A demo model of the Armatix iP1, a .22-caliber smart gun that has a safety interlock. (Katherine Frey/The Washington Post)

“IF A child can’t open a bottle of aspirin, we should make sure that they can’t pull a trigger on a gun.”

We are haunted by that recent comment by President Obama in the wake of the heartbreaking death of 3-year-old Manal Abdelaziz Jr. The boy was with his father in the family’s North Carolina convenience store Sunday when he spotted a gun lying on a shelf and picked it up, accidentally shooting and killing himself. His father was just five feet away and, according to one police officer, “had taken his eyes off the child for just a moment” when the shooting occurred.

The loss of any child is unbearable, but what makes Manal’s death so devastating is that it was entirely preventable and that its circumstances — a curious child, a gun loaded but unsecured and unattended — are all too commonplace. Already in this barely begun new year, a 9-year-old boy in southern Colorado died after being shot in the head by his little brother, a 2-year-old in Texas shot himself in the hand when he picked up a gun his father was cleaning and a 2-year-old boy in Florida shot himself in the face with a gun he found in his grandfather’s truck.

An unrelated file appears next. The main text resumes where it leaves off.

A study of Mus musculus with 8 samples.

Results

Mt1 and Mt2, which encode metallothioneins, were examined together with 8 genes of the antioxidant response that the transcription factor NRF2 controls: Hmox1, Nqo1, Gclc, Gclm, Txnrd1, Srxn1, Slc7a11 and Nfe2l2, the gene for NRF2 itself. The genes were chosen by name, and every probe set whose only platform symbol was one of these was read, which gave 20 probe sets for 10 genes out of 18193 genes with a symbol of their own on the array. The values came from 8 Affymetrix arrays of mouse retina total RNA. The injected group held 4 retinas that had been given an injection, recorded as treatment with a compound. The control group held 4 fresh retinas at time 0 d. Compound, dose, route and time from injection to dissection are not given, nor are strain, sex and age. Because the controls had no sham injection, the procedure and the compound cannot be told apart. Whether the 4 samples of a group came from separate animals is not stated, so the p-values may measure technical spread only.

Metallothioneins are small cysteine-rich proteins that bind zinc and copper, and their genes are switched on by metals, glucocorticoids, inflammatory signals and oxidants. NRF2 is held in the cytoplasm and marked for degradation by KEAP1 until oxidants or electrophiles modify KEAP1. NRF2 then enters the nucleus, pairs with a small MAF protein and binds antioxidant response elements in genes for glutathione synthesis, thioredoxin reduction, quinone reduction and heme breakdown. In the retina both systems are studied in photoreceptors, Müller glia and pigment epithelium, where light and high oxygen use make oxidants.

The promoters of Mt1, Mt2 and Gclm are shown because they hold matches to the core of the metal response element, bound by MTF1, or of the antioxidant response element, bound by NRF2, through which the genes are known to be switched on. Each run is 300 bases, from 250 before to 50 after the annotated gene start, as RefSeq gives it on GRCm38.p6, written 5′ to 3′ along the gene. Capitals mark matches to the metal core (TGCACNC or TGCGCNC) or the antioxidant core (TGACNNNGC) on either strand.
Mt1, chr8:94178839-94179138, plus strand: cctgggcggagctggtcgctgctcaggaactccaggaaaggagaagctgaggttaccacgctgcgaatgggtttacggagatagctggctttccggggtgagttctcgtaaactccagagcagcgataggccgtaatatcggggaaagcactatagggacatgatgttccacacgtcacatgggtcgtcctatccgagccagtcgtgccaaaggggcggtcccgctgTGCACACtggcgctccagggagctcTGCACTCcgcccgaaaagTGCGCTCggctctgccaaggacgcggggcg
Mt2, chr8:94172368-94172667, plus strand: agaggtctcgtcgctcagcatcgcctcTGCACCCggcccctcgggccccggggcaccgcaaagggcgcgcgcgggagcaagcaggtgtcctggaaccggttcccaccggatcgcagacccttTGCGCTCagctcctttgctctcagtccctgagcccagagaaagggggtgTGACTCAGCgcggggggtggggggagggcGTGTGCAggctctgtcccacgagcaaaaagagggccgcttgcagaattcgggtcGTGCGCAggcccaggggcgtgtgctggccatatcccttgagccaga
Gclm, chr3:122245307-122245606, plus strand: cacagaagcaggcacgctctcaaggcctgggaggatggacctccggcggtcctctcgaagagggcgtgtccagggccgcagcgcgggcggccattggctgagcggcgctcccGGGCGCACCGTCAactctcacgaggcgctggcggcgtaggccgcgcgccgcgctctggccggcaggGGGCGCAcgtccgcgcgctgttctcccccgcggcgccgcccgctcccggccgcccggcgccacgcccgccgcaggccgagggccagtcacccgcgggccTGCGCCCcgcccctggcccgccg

Last year, according to Everytown for Gun Safety, there were more than 270 incidents in which a child 17 or younger fired a gun unintentionally and harmed someone — most often themselves or other children. A report co-written by the group showed American children are 16 times more likely to be killed in unintentional shootings than their peers in other high-income countries, even as research indicates that incidents involving death or injuries are significantly underreported in federal data. Nearly two-thirds of the incidents, the group concluded, likely could have been prevented if the firearms had been stored securely. The president, in calling for new technologies to boost gun safety, invoked the 30 children younger than 5 years old who died in unintentional shootings in 2013. “There is no reason for this,” he said.

It is maddening — and disgraceful — that development of safer, childproof weapons has fallen victim to the unreasonable clout of the national gun lobby. Not only have firearms been exempted from regulation by the Consumer Product Safety Commission, but also gun manufacturers who think there is market for “smart gun” technologies have been intimidated into not developing products that would help save lives. And not just those of children. Consider, for example, the difference technology would have made if the stolen gun recently used to shoot a police officer in Philadelphia had been programmed for use only by its legal owner.

If the arguments used by the gun lobby had been applied to auto safety, there would be no seat belts or air bags, and more lives would have been lost, not saved. Mr. Obama’s vow to work with the private sector to update firearms technology is a prudent and long-overdue step in the right direction.